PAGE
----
16th Sunday in Ordinary Time – July 23, 2017

Recently, the parish office received a call from a man who requested to see a priest. A few days earlier the man had received the Sacrament of the Sick from another parish. I wondered what this might mean.

My visit with the man was a puzzling experience. At first, he seemed happy to see me. Then he became suspicious that I wasn’t really a priest. He continued to complain that I wasn’t taking his illness seriously. The conversation ended with him accusing me of conspiring with his physicians.

The fellow was very agitated, angry, slightly incoherent and mildly insulting. I had no way of knowing whether his unusual behavior was the result of medications, sepsis, a neurological condition or simply a bad attitude.

I laugh when I think of my conversation with him. I laugh, not because the conversation was funny, but because it is still a mystery to me. It is impossible to know what’s going on in another person’s mind. It’s often difficult to understand why people say and do the things they do. The parable in today’s Gospel reading speaks directly to the often opaque nature of people’s behavior.

The word translated as “weeds” in the parable refers to a plant called Lolium temulentum. In the ancient world this plant was a serious problem for wheat farmers because both the seed and the young plant look like wheat. It is nearly impossible to differentiate between the plants until they flower. By that time the roots of the darnel are so entwined with the roots of the wheat as to make them inseparable.

The parable says that the darnel was sown in the field by an enemy of the landowner. The unnamed enemy would have gotten away with the mischief until the darnel flowered, and then all the landowner’s neighbors would have had a good laugh about his misfortune. The enemy’s dirty deed had two deleterious effects. It interfered with the wheat crop and it caused public embarrassment to the landowner.

When it became apparent that the wheat crop had been sabotaged the landowner’s servants asked, “Do you want us to go and pull them (the darnel), up?” (Matthew 13:28) The landowner proved himself cleverer than his enemy. He responded, “Let them grow together until harvest; then at harvest time I will say to the harvesters, ‘First collect the weeds and tie them in bundles for burning; but gather the wheat into my barn’.” (Matthew 13:30)

The landowner decided to bear public embarrassment for the sake of reaping a second crop of fuel. The wheat would have been separated from the darnel after the harvest. The wheat grains would have been threshed from the stems. Then, the wheat stems and the darnel would have been bundled up to serve as fuel. The patient endurance of the landowner earned him a moral victory over his enemy and a free crop of fuel plants.

Originally, in the preaching of Jesus, this was probably a parable about not judging those who appeared to be sinners. Jesus was often criticized for socializing with outcasts. His response to the criticism was to point out that no person can see into another’s heart. As it is impossible to judge other people accurately, it is better not to judge at all. Jesus’ detractors did not understand this. By means of the parable he suggested that it is wise to forego judgment, and let God separate good people from the bad.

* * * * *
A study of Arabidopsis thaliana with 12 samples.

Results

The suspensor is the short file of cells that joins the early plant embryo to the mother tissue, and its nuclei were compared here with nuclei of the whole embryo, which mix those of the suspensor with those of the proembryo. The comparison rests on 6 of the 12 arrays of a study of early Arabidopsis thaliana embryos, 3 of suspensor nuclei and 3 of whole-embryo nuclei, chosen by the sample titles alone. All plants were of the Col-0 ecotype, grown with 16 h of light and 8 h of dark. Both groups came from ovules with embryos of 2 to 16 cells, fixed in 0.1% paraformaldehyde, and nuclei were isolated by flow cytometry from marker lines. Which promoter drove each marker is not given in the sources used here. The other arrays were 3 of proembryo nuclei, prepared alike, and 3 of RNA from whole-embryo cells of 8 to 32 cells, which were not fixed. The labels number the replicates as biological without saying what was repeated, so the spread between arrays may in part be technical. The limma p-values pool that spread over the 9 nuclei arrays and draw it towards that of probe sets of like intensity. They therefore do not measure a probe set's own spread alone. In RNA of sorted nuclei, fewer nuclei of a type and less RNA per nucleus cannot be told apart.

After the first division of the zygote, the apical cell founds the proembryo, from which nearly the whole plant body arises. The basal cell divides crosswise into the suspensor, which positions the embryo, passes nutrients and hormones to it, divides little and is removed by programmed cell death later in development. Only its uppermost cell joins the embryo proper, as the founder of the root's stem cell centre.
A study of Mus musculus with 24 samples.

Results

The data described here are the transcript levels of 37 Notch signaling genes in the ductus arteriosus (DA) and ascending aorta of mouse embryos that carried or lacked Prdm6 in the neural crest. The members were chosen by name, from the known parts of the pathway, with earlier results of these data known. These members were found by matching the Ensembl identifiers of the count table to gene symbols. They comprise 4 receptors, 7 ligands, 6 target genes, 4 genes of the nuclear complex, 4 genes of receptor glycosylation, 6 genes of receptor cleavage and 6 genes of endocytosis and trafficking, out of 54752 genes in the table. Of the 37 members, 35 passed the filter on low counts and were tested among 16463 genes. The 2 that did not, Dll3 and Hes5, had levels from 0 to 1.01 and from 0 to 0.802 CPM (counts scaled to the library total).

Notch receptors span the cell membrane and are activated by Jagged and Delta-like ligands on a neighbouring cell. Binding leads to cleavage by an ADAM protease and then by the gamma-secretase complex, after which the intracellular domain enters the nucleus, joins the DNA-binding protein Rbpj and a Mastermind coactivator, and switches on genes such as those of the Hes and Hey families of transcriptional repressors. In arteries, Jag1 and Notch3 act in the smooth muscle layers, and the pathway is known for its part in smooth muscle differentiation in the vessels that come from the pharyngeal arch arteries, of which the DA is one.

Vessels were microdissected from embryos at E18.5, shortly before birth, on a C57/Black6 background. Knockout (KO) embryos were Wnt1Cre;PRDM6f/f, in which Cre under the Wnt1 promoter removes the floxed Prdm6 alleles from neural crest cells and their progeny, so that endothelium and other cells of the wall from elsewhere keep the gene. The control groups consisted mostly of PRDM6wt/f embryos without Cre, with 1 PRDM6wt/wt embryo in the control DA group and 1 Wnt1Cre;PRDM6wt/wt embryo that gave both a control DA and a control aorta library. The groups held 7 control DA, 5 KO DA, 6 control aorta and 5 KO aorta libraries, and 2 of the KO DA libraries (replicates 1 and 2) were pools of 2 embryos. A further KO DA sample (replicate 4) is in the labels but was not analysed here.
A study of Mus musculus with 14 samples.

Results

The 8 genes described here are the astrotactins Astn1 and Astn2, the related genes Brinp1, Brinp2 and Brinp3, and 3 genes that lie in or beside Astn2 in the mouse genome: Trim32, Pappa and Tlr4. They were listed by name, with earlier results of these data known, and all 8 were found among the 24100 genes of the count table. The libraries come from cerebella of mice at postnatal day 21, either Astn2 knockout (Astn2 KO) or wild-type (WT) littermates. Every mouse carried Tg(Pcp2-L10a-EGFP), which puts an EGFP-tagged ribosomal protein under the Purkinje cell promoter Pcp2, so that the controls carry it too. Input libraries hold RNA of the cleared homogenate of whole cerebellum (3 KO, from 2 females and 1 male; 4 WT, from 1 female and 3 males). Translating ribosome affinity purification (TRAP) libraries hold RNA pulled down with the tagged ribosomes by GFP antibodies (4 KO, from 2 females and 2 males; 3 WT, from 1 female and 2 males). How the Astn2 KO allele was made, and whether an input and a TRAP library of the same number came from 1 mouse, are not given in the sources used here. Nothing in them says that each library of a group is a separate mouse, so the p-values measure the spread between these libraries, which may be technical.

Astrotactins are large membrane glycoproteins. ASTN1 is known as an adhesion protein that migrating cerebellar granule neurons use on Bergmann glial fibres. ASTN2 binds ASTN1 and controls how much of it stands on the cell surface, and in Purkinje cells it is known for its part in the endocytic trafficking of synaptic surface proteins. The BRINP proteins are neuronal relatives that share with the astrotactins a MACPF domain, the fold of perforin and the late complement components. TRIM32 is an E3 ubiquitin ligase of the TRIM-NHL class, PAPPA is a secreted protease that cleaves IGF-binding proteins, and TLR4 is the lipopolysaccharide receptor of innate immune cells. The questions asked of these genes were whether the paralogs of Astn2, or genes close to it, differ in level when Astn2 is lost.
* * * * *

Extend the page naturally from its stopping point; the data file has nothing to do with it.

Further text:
In addition to warning about passing judgment on others, there is a sub-plot to the story. The landowner knew he had been victimized by an enemy, but he did not retaliate. The landowner is an example of what the Scriptures mean by the word “wisdom.” Wisdom, in the Scriptures, is not merely a matter of having common sense; it is an attitude of absolute faith in God. In this case, the landowner avoided retaliation by turning a bad situation to his advantage. He trusted that he would both reap wheat and an unplanned crop of fuel plants.

Retaliation has become the norm in our society. There is a very prominent public ethic that says one is entitled, and even obliged, to retaliate when one feels wronged. We see this ethic at work consistently in public discourse, in private affairs, in politics and in the media.

Retaliation against perceived enemies offers the possibility of getting even, settling disputes and winning arguments. There is, however, a price to be paid by all involved. The price imposed on all is the inevitability of escalation of the conflict. The landowner in the parable was both smart enough and trusting enough to avoid escalating the conflict between himself and his enemy. He proved himself morally and intellectually superior to his enemy by not retaliating.

The true nature of retaliation is that it is childish and thoughtless; ultimately, it is an act of self-destructiveness. Retaliation has no end and no resolution; it continues until everyone involved is rendered incapable of responding (this usually means death).

It’s probably not possible for us to turn every offense to our advantage in the way that the landowner did in the parable. It is possible to avoid retaliation. In every case it is possible to choose the higher ground by not escalating a conflict. To do so requires a faith strong enough to believe that good will win in the end.

The true test of our faith might be whether or not we believe in the lasting power of good. If it seems like the goodness in the world is more fragile than the harmful intent in people’s hearts, that might be a sign of a lack of faith. Faith and fear are mutually exclusive commitments. In order to be committed to living a good and holy life we must avoid diminishing the good in the lives of others, even when they make themselves our enemies.

Avoiding the escalation of a conflict that inevitably follows retaliation is more than merely a common sense choice. Avoiding retaliation is a supreme act of faith, because it rests entirely on trusting that God will judge all people justly at the end of time.